Preservation Austin claims Streamline Moderne house as its new headquarters


It’s only fitting.

After advocating for the preservation of the much loved house at 3805 Red River Street, an unusual example of residential Streamline Moderne architecture in Austin; raising the money to purchase it; getting it listed to the National Register of Historic Places; and spending yet more resources to renovate it and restore it to mid-century glory, Preservation Austin will now call the McFarland House home.

The non-profit organization will move its offices into the McFarland House in early 2022.

McFarland Hoouse
The distinctive fin with its porthole openings had to be repaired as its base as suffered water damage over the years. Tops on the preservation to-do list was replacing the severely cracked concrete foundation and re-grading the site. The lawn stood six inches above the house in many places, causing rain run-off toward the foundation which was shifted and cracked. All photographs Preservation Austin/Zillow.

Preservation Austin made contact with John McFarland, who was seven years old when his parents built the house in 1947. Family photos and other information McFarland provided revealed much about the house’s origin story and revealed the original color scheme — white, pale blue, and black.

Read more about the McFarland House at:

“A Streamline Dream Revived: A beloved Austin architectural landmark is nurtured back to its original sleek style”

Just under 2000-square-feet, the two-story house has three bedrooms and three bathrooms, though the small first floor bedroom functions more like a study. A large open living room is just inside the front door. An outside back staircase leads down to the backyard and carport.

McFarland House
Little inside the McFarland House had been altered over the years. And while the carpeting is new, it is historically accurate: Wall-to-wall carpeting was the ne plus ultra of Streamline Moderne homes.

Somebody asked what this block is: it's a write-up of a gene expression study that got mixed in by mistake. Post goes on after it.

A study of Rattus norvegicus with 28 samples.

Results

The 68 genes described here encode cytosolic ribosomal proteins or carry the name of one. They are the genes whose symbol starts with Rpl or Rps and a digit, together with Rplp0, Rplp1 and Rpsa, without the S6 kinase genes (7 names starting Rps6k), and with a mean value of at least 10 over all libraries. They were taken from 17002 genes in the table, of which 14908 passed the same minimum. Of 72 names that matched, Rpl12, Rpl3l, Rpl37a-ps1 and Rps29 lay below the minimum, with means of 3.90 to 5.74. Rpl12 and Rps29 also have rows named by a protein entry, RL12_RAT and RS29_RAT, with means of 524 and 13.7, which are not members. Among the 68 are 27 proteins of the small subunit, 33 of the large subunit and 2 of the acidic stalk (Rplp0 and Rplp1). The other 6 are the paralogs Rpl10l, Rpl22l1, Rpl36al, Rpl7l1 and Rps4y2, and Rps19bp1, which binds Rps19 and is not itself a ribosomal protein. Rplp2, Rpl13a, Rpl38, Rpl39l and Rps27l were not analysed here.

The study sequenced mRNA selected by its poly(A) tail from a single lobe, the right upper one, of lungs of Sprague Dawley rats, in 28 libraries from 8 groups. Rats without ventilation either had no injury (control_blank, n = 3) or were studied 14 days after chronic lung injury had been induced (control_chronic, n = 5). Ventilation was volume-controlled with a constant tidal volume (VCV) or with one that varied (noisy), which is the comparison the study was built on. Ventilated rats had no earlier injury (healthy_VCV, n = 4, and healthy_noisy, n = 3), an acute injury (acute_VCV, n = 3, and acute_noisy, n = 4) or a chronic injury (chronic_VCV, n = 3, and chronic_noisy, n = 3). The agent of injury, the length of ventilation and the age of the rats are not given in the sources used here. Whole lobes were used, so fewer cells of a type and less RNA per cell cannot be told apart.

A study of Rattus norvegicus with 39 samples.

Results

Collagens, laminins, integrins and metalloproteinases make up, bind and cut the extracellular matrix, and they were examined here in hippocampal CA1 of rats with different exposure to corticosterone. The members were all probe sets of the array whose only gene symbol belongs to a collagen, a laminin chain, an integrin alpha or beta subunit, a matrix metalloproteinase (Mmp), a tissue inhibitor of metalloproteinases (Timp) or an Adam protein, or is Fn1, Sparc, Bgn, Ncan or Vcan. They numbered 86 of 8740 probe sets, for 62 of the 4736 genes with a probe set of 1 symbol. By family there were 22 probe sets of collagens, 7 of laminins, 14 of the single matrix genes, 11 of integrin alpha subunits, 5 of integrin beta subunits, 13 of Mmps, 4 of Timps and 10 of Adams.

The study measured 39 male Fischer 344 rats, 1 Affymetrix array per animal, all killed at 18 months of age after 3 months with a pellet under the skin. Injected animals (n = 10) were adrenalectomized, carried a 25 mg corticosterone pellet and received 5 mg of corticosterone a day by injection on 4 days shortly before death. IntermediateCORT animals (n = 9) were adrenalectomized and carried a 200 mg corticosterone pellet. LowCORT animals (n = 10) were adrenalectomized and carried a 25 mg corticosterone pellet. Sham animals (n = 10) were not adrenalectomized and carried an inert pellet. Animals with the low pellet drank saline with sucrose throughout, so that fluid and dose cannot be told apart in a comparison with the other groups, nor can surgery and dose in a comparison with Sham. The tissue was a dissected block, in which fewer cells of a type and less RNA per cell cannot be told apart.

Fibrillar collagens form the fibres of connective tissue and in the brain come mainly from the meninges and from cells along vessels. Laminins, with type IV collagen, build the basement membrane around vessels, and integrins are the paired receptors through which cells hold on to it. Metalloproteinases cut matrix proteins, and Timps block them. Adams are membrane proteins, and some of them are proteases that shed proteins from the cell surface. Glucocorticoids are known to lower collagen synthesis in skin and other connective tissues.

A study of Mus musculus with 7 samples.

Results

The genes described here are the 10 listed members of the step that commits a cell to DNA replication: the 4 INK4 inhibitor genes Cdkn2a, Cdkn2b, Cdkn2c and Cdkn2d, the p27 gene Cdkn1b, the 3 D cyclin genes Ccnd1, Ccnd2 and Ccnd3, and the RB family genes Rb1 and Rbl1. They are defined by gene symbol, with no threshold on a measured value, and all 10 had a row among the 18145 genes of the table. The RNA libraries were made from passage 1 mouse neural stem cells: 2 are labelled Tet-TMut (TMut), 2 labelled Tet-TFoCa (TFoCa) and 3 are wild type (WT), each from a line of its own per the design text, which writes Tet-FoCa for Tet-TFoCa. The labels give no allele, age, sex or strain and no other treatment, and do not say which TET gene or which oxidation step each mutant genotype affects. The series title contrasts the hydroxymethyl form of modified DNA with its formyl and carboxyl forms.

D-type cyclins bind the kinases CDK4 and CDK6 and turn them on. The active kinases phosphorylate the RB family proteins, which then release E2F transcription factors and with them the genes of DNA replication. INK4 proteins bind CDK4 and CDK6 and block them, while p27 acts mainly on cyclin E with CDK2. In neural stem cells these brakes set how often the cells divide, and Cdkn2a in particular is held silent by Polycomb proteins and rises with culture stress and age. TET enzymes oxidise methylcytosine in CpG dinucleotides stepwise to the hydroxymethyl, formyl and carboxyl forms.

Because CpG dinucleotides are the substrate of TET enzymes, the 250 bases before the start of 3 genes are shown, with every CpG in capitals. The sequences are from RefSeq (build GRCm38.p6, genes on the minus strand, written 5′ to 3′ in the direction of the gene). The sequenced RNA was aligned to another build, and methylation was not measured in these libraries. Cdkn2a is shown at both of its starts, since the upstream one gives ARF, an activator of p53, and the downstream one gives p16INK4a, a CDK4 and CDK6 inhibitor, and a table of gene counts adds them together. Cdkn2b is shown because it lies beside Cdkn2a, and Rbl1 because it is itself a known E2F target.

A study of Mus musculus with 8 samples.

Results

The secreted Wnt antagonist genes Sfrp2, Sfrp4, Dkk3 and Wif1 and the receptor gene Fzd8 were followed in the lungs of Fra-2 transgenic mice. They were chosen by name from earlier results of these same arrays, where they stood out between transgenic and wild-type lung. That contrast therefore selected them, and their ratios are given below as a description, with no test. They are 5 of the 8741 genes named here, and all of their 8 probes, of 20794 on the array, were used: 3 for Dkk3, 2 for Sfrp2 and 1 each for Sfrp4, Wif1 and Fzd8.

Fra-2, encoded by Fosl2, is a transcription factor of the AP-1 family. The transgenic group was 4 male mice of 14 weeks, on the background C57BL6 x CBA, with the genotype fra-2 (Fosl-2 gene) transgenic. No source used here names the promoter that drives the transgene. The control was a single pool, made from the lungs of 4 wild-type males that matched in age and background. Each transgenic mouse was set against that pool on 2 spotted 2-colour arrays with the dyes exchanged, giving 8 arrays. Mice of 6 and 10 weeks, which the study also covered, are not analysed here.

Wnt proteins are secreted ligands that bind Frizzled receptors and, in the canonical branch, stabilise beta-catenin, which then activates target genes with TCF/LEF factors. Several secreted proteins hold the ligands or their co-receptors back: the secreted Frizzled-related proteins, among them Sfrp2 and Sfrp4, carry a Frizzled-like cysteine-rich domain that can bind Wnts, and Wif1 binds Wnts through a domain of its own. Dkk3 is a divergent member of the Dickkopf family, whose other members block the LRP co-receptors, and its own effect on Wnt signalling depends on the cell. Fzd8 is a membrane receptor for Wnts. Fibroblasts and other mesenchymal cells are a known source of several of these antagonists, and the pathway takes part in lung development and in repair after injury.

Preservation Austin will need to get a zoning change for light office use before it moves in. Currently the McFarland House is zoned for residential use. (There is a residential tenant leasing the property through August 2021.)

Culmination of the rehabilitation of the McFarland House dovetailed with Preservation Austin completing a comprehensive five-year strategic plan. See

McFarland House
The original kitchen built-ins and cabinetry have been restored with contemporary appliances added.
McFarland House
The eat-in area in the kitchen faces the busy intersection of Red River and East 38 streets. The McFarland House has no formal dining room.
McFarland House
The upstairs features two bedrooms (including the master) and two bathrooms. A third bedroom is downstairs.
The master bathroom of the McFarland house with original built-ins and tile. The bathroom is not en suite but just across the hall.
The master bathroom of the McFarland House, with original built-ins and tile.
McFarland House
The master bedroom with original built-in drawers. McFarland House

With its original tile and sink, the first floor bathroom is en suite of the small first floor bedroom.

McFarland House
The distinctive outside second-floor staircase features a built-in dog house, the door to which can just be seen at under the bottom of the stairs.
McFarland House
The severely cracked concrete foundation had to be repaired and the site was re-graded.

Jeanne Claire van Ryzin
Jeanne Claire van Ryzin
An award-winning arts journalist, Jeanne Claire van Ryzin is the founder and editor-in-chief of Sightlines.